Yes, today is one of the most important national holidays in the Cogill household as life is way too short not to enjoy a good bottle of wine and a tasty bit of cheese. And, whether it be creamy dreamy or super sharp, or well-aged and funky, each delicious slice of cheese deserves the perfect pairing.
For the creamy dreamy, i.e. Brie, St. Andres, Triple Cream, etc. bubbles are best. From premium Champagne to light and bright refreshers from Italy, Spain, South Africa, or almost every corner of the U.S.A. sparkling wine is the best friend of creamy cheese. With a lovely balance between zesty citrus and orchard fruit and nutty marzipan and brioche, the classic Yellow Label Veuve Clicquot Champagne ($60) will never steer you wrong, whether you enjoy your St. Andres with breakfast, lunch, or dinner.
For creamy and tangy, i.e. Crottins, Chevre, goat cheese, etc. light, citrus, wildflower, and herb-filled Sauvignon Blanc is best, like the gorgeous wines of Loire Valley. Loire Valley is the home of some of the finest goat cheese in the world, crafted in versions both fresh and light to nicely aged and funky. Likewise, it is the home of Sancerre and Pouilly Fume filled with mineral intense silex, soft herb, and citrus filled Sauvignon Blanc. Steely, crisp, lively Sauvignon Blanc shines in France’s Loire Valley, heavily influenced by the terroir, with cooling breezes off the Loire and Cher Rivers rolling in from the Atlantic, keeping sunshine-filled fruit fresh, with racy acidity. Silex (flintstone) soils add a mineral-rich intensity to the wines, melding with ripe citrus, soft herbs, and fresh-cut grass. The Quincy sub-region lies just down the road from Sancerre, where Domaine Mardon has been crafting luscious wines since the 1800s. Domaine Mardon Tres Vieilles Vignes Cuvée ($20) is produced from vines aged at least 50-80 years old, giving the wine concentration, depth, and beautiful texture. The classic Quincy pairing is fresh goat cheese, smoked salmon, sushi, or summer salads.
For Manchego and other sheep milk cheese consider Rueda (Verdejo) or Rioja (Tempranillo). The wine and cheese of Spain pair perfectly together. Medium-bodied, earthy, slightly spicy reds, like Tempranillo, or zesty, lush, lively Verdejo are perfect with the slightly briny, sharp, hard sheep’s milk Manchego from the neighboring region of La Mancha. Beronia Rioja Reserva red ($20) and Rueda white ($15) would be perfect options.
For Jarlsberg, Gruyere, or swiss try a light-to-medium-bodied red like Pinot Noir. Fruity and light, yet also earthy, light to medium-bodied Pinot Noir melds harmoniously with tangy, nutty Gruyere or Swiss Cheese. From the cool rolling hills of Napa Valley’s Los Carneros region Frank Family crafts luscious, well-rounded Napa Valley Pinot Noir ($38). The region is heavily influenced by blustery winds billowing in from the San Pablo Bay ensuring delicate vines are kept free of disease, as well as overall moderate temperatures throughout the year giving fruit time to develop gradually, with each working together to keep the fruit’s freshness intact while ripe juicy flavors develop. The resulting wine shines with wild strawberry, pomegranate, and raspberry, with subtle wildflower and soft herb notes and a bit of warm baking spice on the finish.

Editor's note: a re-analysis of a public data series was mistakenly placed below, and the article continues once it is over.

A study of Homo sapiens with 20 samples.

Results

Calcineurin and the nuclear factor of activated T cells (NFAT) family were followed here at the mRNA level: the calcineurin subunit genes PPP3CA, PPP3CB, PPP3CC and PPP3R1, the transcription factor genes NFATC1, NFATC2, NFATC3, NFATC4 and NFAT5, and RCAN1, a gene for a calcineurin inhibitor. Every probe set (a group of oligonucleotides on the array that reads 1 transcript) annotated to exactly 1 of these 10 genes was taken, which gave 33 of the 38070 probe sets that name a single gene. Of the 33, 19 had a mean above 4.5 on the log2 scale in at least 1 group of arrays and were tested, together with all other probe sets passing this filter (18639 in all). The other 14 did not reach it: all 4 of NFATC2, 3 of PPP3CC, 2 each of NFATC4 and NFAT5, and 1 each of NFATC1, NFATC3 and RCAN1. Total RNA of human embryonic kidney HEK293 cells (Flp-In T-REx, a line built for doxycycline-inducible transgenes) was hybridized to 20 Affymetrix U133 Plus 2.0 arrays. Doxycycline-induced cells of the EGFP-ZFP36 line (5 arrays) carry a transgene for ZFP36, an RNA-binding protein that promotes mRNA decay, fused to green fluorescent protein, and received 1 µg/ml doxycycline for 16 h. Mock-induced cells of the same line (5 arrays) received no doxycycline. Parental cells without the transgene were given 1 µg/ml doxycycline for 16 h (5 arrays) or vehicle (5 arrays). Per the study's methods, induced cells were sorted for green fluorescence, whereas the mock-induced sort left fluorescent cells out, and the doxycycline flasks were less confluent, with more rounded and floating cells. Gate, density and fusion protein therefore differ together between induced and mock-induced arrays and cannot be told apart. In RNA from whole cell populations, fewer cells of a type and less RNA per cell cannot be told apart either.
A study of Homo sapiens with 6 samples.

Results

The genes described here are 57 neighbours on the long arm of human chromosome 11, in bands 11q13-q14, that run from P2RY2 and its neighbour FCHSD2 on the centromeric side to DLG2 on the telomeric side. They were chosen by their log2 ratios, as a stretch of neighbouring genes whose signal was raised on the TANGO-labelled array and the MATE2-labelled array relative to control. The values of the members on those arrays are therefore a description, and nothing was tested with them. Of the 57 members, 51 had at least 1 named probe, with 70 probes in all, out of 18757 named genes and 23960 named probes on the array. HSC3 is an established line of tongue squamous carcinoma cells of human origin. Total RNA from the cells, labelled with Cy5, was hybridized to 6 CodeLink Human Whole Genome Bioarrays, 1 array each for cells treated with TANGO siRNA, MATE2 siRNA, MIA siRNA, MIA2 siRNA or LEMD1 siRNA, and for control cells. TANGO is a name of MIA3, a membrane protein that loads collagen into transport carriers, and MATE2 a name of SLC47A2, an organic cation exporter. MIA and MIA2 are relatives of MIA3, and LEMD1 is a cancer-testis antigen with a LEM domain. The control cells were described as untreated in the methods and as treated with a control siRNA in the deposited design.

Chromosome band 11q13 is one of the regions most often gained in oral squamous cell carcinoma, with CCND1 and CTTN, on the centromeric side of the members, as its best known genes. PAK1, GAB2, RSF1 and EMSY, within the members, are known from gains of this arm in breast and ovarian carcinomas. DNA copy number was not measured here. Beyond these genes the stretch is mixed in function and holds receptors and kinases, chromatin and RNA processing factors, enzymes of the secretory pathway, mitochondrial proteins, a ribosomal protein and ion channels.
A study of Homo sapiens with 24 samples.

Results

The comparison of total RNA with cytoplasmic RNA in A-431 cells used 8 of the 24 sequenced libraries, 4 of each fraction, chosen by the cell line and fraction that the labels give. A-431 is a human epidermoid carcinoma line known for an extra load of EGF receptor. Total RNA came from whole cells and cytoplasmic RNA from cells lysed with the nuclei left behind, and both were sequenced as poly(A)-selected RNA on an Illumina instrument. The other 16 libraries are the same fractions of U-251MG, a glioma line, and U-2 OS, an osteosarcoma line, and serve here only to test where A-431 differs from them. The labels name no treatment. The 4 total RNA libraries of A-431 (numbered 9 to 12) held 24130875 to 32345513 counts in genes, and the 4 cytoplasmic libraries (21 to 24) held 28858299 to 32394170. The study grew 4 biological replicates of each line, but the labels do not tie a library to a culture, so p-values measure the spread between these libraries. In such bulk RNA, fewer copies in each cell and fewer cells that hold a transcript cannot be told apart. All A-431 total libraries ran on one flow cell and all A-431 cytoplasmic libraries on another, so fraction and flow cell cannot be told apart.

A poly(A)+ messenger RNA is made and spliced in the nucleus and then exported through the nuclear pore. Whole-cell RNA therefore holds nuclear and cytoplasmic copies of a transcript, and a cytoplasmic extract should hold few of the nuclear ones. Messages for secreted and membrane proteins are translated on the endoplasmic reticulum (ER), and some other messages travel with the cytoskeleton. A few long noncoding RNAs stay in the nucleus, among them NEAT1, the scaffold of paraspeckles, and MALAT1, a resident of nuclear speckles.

For Roquefort, Camembert, or blue cheese the classic pairing is port wine, but if you prefer to enjoy your blue before dessert consider a light-to-medium-bodied Barbera d’ Asti from Piemonte. With great acidity and balanced tannin, Barbera is a welcome pairing, cutting through aged, herbaceous blue. Marchesi di Gresi Barbera d’Asti DOCG ($20) is fragrant and fresh upon opening revealing layers of fresh violets and wild blackberry leading to a palate filled with ripe cherry, blueberry, and raspberry.
For hard cheese, like a well-aged Parmesan you have to head straight to Italy, and then have fun because every corner of the gastronomy-filled country is filled with incredible wines. From the rolling hills of Tuscany to the rocky slopes of the Dolomite Mountains in Alto Adige to the volcanic soils of Sicily, each region crafts delicious selections ideal for Parmesan pairing. Vino Nobile di Montepulciano, from the celebrated village of Montepulciano DOCG within Tuscany, elevates Sangiovese to craft wines with finesse and power, elegance with density, concentration with purity. The Dei family began with owning their own vineyards in 1964, selling their fruit to neighboring winemakers. In 1984 they began making their own wine, expanding to add additional vineyards in the area, creating world-class wines with character. Bold and powerful, Dei Vino Nobile di Montepulciano ($30) is a full-bodied red wine that leaps from the glass with notes of roasted espresso, balsamic, black fruit, licorice, and toasted orange peel.